The ban would include areas around Anchorage, including the Kenai Peninsula Borough and Matanuska-Susitna Borough, plus Fairbanks, Juneau, Valdez and Ketchikan.
Clark Penney, executive director of AFCA, said in an announcement today that his organization believes the decision of Alaska Lt. Gov. Mead Treadwell, on the advice of the Alaska Attorney General’s office, is contrary to Alaska law.
Penney said AFCA hopes for quick resolution of the suit, so they can start collection signatures, to put the initiative on the statewide primary ballot in August of 2016. Penney is the grandson of sport fishing advocate Bob Penney, a board member and financial backer of AFCA, according to a spokesman for the organization.
AFCA board chairman Bill McKay, a retired Alaska Airlines executive, said the lawsuit was “the right thing to do. We expect to win this case,” he said.
Treadwell based his decision on an opinion from the Alaska Department of Law that the proposed initiative is prohibited under the state constitution.
The Department of Law concluded, in part that, “were this type of initiative permissible, voters could continue to reallocate stocks to any fishery simply by eliminating specific gear or particular means and methods of catching fish – for example, the next initiative might propose to eliminate purse seining, trawling, dipnetting, or catch-and-release sport fishing in particular areas to increase harvest opportunity for other types of users.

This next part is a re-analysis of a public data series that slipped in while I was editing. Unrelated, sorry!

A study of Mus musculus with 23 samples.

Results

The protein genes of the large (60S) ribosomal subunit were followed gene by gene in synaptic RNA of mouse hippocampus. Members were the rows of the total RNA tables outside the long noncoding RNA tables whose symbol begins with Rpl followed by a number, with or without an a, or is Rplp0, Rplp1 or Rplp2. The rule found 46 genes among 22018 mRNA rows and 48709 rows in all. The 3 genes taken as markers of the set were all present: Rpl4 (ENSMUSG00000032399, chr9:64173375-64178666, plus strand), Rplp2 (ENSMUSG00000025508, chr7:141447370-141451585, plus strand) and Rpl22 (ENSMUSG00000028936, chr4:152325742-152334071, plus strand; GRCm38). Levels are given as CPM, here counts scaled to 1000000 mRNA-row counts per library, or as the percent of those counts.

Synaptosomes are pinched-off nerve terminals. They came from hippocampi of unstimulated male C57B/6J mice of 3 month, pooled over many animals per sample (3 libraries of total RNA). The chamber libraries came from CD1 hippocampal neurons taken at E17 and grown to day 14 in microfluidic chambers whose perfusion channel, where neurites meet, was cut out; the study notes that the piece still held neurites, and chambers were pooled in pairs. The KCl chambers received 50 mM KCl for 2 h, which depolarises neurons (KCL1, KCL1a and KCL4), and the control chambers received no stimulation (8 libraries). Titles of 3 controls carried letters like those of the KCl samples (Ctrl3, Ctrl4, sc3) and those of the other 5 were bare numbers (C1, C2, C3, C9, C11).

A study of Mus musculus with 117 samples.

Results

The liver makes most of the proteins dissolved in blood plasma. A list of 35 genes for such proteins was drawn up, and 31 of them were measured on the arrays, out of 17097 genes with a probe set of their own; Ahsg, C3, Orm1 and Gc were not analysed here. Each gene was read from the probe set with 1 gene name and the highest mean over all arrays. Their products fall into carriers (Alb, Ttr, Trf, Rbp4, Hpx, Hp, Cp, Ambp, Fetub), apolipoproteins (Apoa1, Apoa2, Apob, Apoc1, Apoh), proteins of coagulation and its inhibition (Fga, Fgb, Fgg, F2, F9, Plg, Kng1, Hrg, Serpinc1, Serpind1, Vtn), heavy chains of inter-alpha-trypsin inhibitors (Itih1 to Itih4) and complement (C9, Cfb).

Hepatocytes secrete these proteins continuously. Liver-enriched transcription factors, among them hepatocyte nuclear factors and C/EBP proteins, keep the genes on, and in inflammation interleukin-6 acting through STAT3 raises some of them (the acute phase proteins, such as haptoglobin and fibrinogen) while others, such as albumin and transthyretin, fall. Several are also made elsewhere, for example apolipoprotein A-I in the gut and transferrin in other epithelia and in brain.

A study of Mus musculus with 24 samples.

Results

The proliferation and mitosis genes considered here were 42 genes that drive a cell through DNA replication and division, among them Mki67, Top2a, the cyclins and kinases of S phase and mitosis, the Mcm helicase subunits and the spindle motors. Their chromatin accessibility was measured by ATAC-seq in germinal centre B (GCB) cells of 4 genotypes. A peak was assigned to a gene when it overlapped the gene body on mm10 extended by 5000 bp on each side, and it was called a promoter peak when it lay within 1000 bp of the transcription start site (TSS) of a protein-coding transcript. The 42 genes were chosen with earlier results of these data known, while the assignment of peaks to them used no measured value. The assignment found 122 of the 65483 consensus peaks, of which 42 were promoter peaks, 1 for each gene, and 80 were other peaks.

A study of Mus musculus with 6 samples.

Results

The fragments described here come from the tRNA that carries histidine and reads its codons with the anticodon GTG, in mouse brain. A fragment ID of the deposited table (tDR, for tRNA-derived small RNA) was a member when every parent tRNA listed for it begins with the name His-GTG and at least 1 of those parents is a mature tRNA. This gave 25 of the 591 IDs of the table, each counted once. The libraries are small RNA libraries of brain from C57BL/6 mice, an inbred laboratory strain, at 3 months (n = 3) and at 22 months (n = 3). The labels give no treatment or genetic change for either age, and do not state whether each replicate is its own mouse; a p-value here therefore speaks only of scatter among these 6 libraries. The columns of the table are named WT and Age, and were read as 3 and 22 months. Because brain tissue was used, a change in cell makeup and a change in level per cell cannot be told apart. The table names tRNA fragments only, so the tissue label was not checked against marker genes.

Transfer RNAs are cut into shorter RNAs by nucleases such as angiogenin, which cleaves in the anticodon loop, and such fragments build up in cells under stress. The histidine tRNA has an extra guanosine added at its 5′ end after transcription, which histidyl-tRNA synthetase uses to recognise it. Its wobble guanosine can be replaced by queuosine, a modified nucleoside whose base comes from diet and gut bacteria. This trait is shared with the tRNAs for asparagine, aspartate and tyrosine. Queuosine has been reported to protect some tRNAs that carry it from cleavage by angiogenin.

“This would ‘prevent …real regulation and careful administration’ of Alaska’s salmon stocks, contrary to the purpose of the prohibition on initiative by appropriation,” the opinion said.
The Alaska Salmon Alliance, which represents seafood processors and commercial fishermen on the Kenai Peninsula, praised Treadwell’s decision. The Kenai Peninsula Fishermen’s Association, which represents Kenai Peninsula commercial setnetters, had denounced the initiative earlier.